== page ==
State officials: Pork won't spread 'swine flu'
Concerns about the swine flu's impact on the state's robust pork industry prompted official comment from the Iowa Secretary of Agriculture's office Thursday.
Iowa Sec. of Agriculture Bill Northey and the State Veterinarian for Iowa, Dr. David Schmitt, reiterated that consumers cannot get the H1N1 flu strain, or "swine flu" by eating pork and there is no evidence of this flu in the pig population of Iowa or any state.
"There is no evidence that this strain of flu can be spread to pigs, but it is a good reminder to pork producers to continue their efforts to protect the health of their animals," Northey, a Spirit Lake Republican, said. "Limiting access to your buildings, keeping workers that are ill away from the animals and contacting a vet if any of your pigs do show signs of sickness are all best practices that make even more sense in the current situation."
The State Veterinarian's office is working with the Iowa Department of Public Health, federal veterinarians and those in private practice to have a system in place to monitor Iowa's pig population for significant disease, and those efforts continue around the current outbreak.
"I just want to remind Iowans that pork is safe to eat and our swine population remains healthy," Schmitt said. "The Department has been communicating with Iowa vets about the situation to help keep them informed and give them access to the most up-to-date information."
Research is under way by the U.S. Department of Agriculture to determine if the disease can be spread to swine, but in the meantime Northey and Schmitt are encouraging Iowa's pork producers to exercise extra diligence in their long held bio-security practices to continue to protect the health of their animals.
If producers do observe any respiratory illnesses in their pigs, it is important that they do contact a veterinarian.
The World Health Organization announced Thursday that it will stop using the term "swine flu" to avoid confusion over the danger posed by pigs. The U.N. food agency expressed concerns that the term was needlessly causing countries to ban pork products and order the slaughter of pigs.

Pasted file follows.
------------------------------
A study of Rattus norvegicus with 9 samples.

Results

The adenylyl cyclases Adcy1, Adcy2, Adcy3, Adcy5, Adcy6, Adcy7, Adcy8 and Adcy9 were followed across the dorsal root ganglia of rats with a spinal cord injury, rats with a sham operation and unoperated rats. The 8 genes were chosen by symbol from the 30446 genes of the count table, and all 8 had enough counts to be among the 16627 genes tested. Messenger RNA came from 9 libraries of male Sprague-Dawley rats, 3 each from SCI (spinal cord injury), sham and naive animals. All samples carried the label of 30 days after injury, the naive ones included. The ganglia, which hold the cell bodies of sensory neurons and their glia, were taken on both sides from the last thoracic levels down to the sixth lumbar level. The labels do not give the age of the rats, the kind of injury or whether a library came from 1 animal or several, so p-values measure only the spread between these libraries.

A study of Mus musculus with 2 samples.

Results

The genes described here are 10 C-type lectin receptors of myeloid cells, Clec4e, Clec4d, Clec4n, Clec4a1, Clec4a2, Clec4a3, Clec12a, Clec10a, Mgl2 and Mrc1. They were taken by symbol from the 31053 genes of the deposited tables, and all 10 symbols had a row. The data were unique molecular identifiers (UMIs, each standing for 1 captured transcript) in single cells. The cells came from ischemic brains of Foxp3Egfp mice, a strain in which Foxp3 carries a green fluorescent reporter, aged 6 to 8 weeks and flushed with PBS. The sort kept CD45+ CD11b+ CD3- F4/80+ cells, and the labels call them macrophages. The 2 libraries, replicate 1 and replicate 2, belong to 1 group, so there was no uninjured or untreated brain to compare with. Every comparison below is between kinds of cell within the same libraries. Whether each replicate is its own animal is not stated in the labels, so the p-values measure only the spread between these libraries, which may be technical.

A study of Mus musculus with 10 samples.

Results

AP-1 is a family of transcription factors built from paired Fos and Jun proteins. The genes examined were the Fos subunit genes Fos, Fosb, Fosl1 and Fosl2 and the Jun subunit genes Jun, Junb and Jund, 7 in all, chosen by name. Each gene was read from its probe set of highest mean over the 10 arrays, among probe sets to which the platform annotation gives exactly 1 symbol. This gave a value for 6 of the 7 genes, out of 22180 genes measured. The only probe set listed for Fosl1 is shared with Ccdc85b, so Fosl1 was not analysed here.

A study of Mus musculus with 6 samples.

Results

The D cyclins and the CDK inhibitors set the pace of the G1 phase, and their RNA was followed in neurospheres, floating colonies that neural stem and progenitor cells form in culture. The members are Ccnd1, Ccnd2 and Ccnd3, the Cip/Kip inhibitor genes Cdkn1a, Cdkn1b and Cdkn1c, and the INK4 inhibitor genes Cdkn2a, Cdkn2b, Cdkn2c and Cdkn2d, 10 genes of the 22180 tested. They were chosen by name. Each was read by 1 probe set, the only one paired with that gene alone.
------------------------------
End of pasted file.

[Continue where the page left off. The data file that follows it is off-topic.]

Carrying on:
U.S. pork production is a $97 billion industry.
"Calling this swine flu, when to date there has been no connection between animals and humans, has the potential to cause confusion," Chris Novak, chief executive officer of the National Pork Board, said in a news release.
One top flu expert, doesn't like the swine flu name either, but for a different reason. Traditional swine flu doesn't spread easily among people, although this one does now, Dr. Paul Glezen, a flu epidemiologist at Baylor University told the Associated Press.
Dr. Raul Rabadan, a professor of computational biology at Columbia University said six of the eight genetic segments of this virus strain are purely swine flu and the other two segments are bird and human. Other experts agree with the label as well.
"Scientifically this is a swine virus," said top virologist Dr. Richard Webby, a researcher at St. Jude Children's Research Hospital in Memphis. Webby is director of the WHO Collaborating Center for Studies on the Ecology of Influenza Viruses in Lower Animals and Birds. He documented the spread a decade ago of one of the parent viruses of this strain in scientific papers.
"It's clearly swine," said Henry Niman, president of Recombinomics, a Pittsburgh company that tracks how viruses evolve. "It's a flu virus from a swine, there's no other name to call it."
Michael Shaw, a director of laboratory science for the Centers for Disease Control and Prevention said a better term is "swine-like."
"It's like viruses we have seen in pigs, it's not something we know was in pigs," he said.